Peralta Community College District's Only Student-Run Publication
Peralta Community College District's only student-run publication.

The Citizen

Peralta Community College District's only student-run publication.

The Citizen

Peralta Community College District's only student-run publication.

The Citizen

Peralta Trustee Paulina Gonzalez Brito addresses the crowd at Berkeley City College’s 50th anniversary celebration. The event featured a block party along with a groundbreaking ceremony for the college’s new Milvia Street building. (Photo: Marcus Creel/PCCD)
Peralta’s leadership search, CCC public safety earmark, and “rumors” discussed at 4/9 meeting of PCCD Trustees
The humble Grammy-winning pianist leading CoA’s music program
Desmond Meagley, Staff Writer • March 4, 2024

    Chancellor seeks campus complaints

    Peralta community expresses worry about safety, homelessness

    by Yohana Gebre

    Sharon Cornu reviews complaints written by staff at a March 15 meeting at Laney. She and Chancellor Laguerre visited Peralta campuses to hear concerns. (Photo By Yohana Gebre)

    Chancellor Jowel C. Laguerre met with students, administrators, and faculty March 15 in several brainstorm sessions meant to allow students and faculty to voice concerns and to present possible solutions in a report that will be reviewed by the district.

    Laguerre said that once they were done collecting the district’s concerns, on March 28, a report would be released stating the concerns expressed from the colleges and district and how the district plans to solve the concerns.

    “We wanted to give the space for faculty, staff, students, and administrators to help us come up with the needs that we have,” Laguerre said.

    The chancellor met with students and ASLC representatives, faculty, staff, and administrators.

    Sharon Cornu, a strategic communications and community engagement consultant hired by the district, instructed those attending the ASLC meeting to break into groups, discuss their concerns, and write them on Post-it notes. She and the chancellor collected the Post-its for their report.

    Chancellor Laguerre poses with students, administration and faculty during a meeting on March 15 at Laney College.

    “Our intention is to do a thorough needs assessment of the district,” Laguerre said. “It may not be complete without knowing what your needs are.”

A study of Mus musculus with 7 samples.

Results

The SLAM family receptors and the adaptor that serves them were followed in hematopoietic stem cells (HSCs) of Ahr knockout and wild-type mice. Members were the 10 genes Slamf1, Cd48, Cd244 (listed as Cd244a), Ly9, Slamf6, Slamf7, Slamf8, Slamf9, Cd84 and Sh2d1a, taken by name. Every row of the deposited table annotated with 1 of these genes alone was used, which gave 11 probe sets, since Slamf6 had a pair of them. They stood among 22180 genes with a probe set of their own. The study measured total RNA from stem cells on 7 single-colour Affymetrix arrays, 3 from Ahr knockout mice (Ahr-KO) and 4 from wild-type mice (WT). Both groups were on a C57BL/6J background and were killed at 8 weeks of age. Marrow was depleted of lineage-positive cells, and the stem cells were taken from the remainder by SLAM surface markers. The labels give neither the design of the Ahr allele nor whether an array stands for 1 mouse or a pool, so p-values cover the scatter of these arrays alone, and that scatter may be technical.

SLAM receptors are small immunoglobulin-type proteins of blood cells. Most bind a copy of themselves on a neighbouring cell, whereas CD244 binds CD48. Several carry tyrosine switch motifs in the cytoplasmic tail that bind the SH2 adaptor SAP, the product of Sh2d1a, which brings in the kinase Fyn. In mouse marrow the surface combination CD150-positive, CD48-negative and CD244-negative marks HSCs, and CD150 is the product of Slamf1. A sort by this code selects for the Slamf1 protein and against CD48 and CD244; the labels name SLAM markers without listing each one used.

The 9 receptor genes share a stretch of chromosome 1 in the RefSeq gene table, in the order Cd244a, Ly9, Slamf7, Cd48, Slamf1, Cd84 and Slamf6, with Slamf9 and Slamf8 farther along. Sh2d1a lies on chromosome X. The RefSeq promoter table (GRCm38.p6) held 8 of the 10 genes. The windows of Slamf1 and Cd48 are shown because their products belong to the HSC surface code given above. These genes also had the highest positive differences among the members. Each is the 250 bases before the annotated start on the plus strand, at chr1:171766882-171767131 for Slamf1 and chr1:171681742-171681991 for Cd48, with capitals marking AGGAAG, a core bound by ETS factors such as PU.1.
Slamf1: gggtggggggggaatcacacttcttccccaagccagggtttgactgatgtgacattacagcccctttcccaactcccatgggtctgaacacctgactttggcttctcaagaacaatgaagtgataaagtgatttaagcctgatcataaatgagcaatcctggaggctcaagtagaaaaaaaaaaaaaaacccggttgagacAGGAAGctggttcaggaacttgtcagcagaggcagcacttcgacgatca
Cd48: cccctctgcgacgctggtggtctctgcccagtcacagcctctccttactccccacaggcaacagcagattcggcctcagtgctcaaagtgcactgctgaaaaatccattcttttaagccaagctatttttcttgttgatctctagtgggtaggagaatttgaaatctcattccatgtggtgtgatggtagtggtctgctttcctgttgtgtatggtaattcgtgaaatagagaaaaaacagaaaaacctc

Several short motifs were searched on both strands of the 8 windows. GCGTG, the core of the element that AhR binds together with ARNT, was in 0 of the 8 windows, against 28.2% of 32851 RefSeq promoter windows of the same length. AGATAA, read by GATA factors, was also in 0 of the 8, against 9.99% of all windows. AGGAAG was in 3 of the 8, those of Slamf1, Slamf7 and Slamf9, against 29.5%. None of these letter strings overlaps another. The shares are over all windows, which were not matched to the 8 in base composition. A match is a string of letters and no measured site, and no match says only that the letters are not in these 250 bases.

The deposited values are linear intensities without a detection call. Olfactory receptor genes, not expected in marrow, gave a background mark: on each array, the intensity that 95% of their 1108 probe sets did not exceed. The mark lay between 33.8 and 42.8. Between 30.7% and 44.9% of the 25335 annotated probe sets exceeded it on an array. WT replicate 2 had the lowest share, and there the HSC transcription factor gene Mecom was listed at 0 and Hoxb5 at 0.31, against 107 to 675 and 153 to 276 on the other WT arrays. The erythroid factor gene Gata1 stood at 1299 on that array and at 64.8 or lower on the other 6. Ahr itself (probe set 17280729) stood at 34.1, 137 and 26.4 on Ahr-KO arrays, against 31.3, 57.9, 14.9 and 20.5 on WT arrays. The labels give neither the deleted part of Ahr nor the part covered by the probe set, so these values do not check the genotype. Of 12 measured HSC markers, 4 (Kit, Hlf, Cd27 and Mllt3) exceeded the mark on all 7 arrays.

The chancellor said the purpose of these exercises was to hear concerns, make a combined report, and start planning which concerns can be addressed based on the district’s resources. Cornu said this strategy was based on what the administration has used in the past.

    “This is a chance to think about the facilities issues that the chancellor was raising but also to think about other kinds of needs that would support your work as well as the students and the district,” Cornu said when she spoke to Laney administrators.

    Students, administrators and faculty all held very similar concerns — the budget, safety, housing, homelessness support, lack of parking, and affordable transportation for students.

    ASLC President Keith Welch and other student representatives noted that the lack of housing was a stressor affecting many students. He suggested hotel vouchers as a potential solution.

    “I think that the Peralta district would benefit from hotels,” Welch said. “Two students could occupy one room with a hotel voucher.”

    The chancellor and Cornu said emergency call boxes in district parking lots were neither functioning nor distributed evenly. They also said the facility buildings, especially the Student Center, needed to be upgraded and that staff members should receive more training.

    Faculty and administrators stressed the need to share equity funds equally throughout different departments, redesign and modernize the Student Center and more actively help people feel safe while on campus, such as by fixing the emergency call boxes and getting security guards.

    Cornu said that the purpose of the meeting was to identify what concerns the colleges have and present them to the district. Secondly, the district needs to know how much money those needs amount to, Laguerre said.

    After the meeting on March 28. the district will release a report that has combined the colleges’ concerns and district’s ability to pay for the changes. Neither Cornu nor the chancellor made any indications as to how the concerns would be addressed by the district.

    The chancellor made similar visits to College of Alameda, Berkeley City College and Merritt College.

    Yohana Gebre is a writer for The Laney Tower

    About the Contributor
    In the fall of 2019, The Laney Tower rebranded as The Citizen and launched a new website. These stories were ported over from the old Laney Tower website, but byline metadata was lost in the port. However, many of these stories credit the authors in the text of the story. Some articles may also suffer from formatting issues. Future archival efforts may fix these issues.